AR headsets in the OR


Surgery is risky. There’s always an element of the unknown. Even supremely experienced and knowledgeable surgeons can’t be certain what’s happening in the body until they start an operation.

So Microsoft’s HoloLens, an AR headset, could quickly become an invaluable surgical tool. Surgeons at Duke University Medical School tested the device in a mock brain surgery. The headset showed the surgeons a CT scan as they performed an operation on a dummy. Once the technology is perfected, it could make real-life surgery safer and more effective.

AR Glasses


You might remember the hype for Google Glass. It was one of the first commercially available AR products, but it didn’t pan out. In fact, it was somewhat controversial when it launched.  It seems that the time wasn’t right for AR glasses in 2013. That time change in the future. Google is still working on AR headsets, and Facebook is also developing AR glasses. Mark Zuckerberg thinks that AR glasses might replace smartphones as the dominant mobile computing device.

AR Art Shows

In a recent art show in New York, artists collaborated with an AR company to enhance the pieces they showed. One artist, Jane Lafarge Hamill, added AR animations to existing paintings. One shows a woman meeting a baby dragon. “I simply want to walk into one of my paintings,” she says.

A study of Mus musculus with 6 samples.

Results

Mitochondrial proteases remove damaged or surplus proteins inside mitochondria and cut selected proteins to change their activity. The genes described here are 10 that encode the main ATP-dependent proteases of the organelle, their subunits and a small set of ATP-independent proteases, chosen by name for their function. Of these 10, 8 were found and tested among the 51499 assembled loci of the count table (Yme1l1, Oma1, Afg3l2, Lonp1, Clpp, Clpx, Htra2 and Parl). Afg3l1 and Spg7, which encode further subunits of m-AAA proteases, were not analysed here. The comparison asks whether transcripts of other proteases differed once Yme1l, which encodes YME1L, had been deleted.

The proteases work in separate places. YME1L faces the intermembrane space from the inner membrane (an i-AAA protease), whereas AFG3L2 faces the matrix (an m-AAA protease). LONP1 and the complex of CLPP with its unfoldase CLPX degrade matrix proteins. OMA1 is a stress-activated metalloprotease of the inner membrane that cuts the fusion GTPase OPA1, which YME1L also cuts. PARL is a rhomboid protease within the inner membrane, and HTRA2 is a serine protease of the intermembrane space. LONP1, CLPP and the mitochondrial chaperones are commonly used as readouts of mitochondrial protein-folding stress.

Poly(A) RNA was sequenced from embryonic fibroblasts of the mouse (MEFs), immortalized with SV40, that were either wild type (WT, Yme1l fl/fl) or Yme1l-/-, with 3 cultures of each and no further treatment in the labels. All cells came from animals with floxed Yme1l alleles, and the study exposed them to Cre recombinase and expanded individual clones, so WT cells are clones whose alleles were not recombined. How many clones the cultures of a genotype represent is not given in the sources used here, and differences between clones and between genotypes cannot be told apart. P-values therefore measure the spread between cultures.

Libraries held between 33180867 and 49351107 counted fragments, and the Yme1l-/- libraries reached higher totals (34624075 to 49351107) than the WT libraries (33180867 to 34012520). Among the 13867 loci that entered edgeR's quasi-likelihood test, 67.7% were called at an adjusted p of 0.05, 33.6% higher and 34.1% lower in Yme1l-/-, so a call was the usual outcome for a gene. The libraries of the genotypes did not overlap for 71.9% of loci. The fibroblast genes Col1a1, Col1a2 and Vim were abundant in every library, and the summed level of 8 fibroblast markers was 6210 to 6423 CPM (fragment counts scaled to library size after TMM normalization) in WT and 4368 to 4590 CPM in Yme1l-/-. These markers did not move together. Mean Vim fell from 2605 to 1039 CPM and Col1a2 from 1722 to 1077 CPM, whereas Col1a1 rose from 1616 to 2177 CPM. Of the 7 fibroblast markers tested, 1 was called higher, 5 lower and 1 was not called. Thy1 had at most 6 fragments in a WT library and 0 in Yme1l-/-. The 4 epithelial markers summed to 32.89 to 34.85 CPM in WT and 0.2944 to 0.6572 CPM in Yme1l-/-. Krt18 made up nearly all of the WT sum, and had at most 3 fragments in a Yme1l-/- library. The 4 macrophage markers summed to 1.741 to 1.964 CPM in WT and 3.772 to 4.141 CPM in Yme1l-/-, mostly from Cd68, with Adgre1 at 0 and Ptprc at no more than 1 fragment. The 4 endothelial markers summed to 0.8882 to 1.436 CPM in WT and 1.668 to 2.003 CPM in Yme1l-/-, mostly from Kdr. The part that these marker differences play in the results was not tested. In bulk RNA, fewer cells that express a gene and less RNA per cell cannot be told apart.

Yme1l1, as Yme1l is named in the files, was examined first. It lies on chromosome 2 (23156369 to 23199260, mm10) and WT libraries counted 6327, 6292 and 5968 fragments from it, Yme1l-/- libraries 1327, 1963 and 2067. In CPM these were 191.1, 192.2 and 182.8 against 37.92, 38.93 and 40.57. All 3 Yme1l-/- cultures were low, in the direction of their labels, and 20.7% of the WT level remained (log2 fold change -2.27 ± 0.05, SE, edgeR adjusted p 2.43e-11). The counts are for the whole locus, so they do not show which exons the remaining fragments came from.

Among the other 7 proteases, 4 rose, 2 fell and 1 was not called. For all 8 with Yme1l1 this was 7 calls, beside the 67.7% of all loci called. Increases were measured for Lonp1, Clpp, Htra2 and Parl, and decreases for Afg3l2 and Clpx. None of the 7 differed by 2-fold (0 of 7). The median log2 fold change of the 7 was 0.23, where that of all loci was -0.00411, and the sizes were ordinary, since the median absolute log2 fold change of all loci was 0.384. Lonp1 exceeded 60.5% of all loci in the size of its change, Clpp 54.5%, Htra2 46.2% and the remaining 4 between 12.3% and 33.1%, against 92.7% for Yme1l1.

Meetings and Teleconferencing


Soon, AR and VR could make remote conferencing more interesting. Conference calls can be dull enough, it’s even worse if you’re just staring at a wall as someone else talks. So you might soon be able to meet in VR conference rooms, where documents and data you discuss will be able to appear out of thin air if conferencing startup Rumii has its way.

AR Fighter Jets

Navy photo of F-35 pilot

The F-35 is the United States military’s futuristic new fighter jet. It has all sorts of bells and whistles that have made it one of the most expensive (and therefore controversial) defense projects in history. F-35 pilots all enjoy the use of a sophisticated AR helmet that includes a heads-up display, communications tools, night vision, and other useful gadgets. As Wired said, it’s a good thing that the helmet is so cool, because it costs about $400,000 per unit.


Hand Tracking a La Daft Punk

The French DJ duo Daft Punk are well known for producing elaborate live sets, which they seem to command by waving their hands through the air. They look like future funk androids. Soon, you’ll be able to actually DJ your own music—or play games—by waving your hands. Leap Motion developed AR/VR hand-tracking technology that will allow you to interact with virtual worlds simply by moving your hands.

AR is just getting started. As the technology becomes more ubiquitous, we’ll encounter all sorts of exciting, new applications that will change our lives in ways that we can’t even imagine yet.